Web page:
If you are physically inactive, you’re much more likely to develop heart disease, have a stroke, or other blood vessel diseases.
Regular, moderate-to-vigorous physical activity improves your cardiovascular fitness and helps reduce your risk of heart disease, stroke, and other chronic diseases.
It is recommended that adults engage in at least 150 minutes (2.5 hours) of moderate physical activity per week. Children and adolescents should get 60 minutes of physical activity per day.
You don’t have to be an athlete to lower your risk! Regular activities such as walking, gardening, biking, housework, or dancing can be planned in your daily routine.
Along with a healthy weight and regular physical activity, an overall healthy diet can help lower blood pressure and cholesterol levels and prevent obesity, diabetes, heart disease, and stroke.
A healthy diet includes eating lots of fresh fruits and vegetables, lowering or cutting out added salt or sodium, and eating less saturated fat and cholesterol.
Reduces the risk of heart disease and high blood pressure by improving blood circulation throughout the body.
Keeps weight under control.
Improves blood cholesterol levels.
Prevents and manages high blood pressure.
Prevents bone loss and helps build and maintain healthy bones, muscles, and joints.
Boosts energy level.
Helps manage stress.
Improves the ability to fall asleep quickly and sleep well.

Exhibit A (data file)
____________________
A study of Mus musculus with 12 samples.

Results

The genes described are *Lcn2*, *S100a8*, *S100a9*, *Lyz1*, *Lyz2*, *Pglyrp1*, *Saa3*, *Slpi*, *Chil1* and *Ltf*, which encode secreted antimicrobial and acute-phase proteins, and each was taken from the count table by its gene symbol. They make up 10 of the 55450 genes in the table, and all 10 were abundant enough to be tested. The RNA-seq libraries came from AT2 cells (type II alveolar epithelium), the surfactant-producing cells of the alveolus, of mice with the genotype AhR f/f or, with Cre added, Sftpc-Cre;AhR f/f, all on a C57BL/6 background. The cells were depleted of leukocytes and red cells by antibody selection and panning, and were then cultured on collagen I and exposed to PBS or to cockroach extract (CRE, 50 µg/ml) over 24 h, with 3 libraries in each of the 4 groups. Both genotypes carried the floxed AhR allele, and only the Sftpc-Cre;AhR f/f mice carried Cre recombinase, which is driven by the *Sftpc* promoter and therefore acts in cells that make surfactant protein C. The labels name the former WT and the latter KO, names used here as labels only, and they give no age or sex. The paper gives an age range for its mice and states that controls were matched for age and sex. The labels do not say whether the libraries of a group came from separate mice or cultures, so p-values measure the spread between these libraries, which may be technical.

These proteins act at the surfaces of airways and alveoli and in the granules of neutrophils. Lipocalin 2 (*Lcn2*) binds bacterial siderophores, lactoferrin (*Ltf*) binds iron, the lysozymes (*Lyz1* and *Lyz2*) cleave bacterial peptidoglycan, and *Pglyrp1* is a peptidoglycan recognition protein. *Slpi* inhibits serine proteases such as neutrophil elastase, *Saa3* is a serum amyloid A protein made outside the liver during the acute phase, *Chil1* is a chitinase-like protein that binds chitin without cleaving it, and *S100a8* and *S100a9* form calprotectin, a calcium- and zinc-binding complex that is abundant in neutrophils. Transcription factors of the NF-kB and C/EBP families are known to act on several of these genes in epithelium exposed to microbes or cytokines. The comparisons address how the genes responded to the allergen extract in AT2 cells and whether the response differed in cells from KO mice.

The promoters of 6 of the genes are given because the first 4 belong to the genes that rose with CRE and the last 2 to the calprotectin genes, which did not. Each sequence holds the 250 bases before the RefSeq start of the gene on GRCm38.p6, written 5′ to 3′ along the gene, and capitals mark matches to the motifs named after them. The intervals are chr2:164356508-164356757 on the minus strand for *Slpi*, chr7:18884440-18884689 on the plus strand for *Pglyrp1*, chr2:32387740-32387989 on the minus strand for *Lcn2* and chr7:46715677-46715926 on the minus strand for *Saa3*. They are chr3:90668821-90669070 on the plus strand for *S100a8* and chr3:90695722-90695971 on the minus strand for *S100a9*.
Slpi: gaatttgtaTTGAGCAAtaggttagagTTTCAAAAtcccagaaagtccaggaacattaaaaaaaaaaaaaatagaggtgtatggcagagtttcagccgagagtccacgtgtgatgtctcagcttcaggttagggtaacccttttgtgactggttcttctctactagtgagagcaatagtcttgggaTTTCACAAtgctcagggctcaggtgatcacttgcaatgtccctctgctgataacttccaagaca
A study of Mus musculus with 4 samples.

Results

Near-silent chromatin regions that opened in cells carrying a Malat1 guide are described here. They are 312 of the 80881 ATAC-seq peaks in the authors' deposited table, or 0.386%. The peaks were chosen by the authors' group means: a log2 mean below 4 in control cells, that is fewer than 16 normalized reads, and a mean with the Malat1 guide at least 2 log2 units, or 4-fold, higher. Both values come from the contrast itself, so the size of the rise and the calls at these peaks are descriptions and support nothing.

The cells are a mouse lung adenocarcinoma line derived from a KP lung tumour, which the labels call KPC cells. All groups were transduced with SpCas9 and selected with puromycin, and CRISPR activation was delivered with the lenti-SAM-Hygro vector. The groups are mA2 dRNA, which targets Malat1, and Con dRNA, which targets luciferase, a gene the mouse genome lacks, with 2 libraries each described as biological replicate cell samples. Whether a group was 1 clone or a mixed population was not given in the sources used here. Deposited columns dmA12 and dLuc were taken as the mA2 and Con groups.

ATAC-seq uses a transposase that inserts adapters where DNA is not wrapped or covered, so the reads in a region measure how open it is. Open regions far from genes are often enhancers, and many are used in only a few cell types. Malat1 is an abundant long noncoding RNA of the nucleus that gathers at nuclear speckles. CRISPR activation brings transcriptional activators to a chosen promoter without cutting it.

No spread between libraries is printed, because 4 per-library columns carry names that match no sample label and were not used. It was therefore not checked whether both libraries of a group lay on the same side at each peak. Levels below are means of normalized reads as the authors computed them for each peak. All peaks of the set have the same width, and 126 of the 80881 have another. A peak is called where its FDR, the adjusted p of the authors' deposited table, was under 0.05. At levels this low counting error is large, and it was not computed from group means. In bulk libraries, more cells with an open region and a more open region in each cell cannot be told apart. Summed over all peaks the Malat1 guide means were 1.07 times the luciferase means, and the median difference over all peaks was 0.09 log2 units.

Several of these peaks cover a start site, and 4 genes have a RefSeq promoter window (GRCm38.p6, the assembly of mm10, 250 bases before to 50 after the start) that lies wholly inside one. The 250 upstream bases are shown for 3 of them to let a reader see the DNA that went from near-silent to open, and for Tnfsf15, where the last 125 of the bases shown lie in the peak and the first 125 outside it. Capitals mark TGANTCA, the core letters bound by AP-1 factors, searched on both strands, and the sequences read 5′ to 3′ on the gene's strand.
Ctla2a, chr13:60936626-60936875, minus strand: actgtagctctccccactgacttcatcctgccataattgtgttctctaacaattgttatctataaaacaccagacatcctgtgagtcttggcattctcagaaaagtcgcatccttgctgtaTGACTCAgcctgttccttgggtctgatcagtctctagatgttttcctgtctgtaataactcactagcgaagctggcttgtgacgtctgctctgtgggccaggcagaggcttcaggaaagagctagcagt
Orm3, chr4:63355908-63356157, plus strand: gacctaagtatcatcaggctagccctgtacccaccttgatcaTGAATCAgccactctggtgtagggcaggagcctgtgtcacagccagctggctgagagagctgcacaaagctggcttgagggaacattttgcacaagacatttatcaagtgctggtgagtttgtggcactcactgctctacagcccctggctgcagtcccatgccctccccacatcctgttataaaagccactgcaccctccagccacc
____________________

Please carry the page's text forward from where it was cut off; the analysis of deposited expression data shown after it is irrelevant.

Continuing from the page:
Counters anxiety and depression and increases enthusiasm and optimism.
Increases muscle strength, thereby improving the ability to do other physical activities
Provides a way to share an activity with family and friends.
Establishes good heart-healthy habits in children and counters the conditions (obesity, high blood pressure, poor cholesterol levels, poor lifestyle habits, etc.) that lead to heart attack and stroke later in life.
In older people, helps delay or prevent chronic illnesses and diseases associated with aging and maintains quality of life and independence longer.
Consume a variety of nutrient-dense foods and beverages within and among the basic food groups to get the energy, protein, vitamins, minerals, and fiber needed for good health.
Choose a diet with plenty of whole grain products, low-fat and fat-free milk products, vegetables, and fruits.
Limit intake of fats and oils high in saturated and/or trans fats, and choose products low in such fats and oils to reduce risk of health attack and heart disease.
Replace sugar-sweetened beverages with water or low-calorie beverages.
Choose and prepare foods with little salt.
Consume potassium-rich foods, such as fruits and vegetables, to prevent or delay the onset of high blood pressure and even lower elevated blood pressure.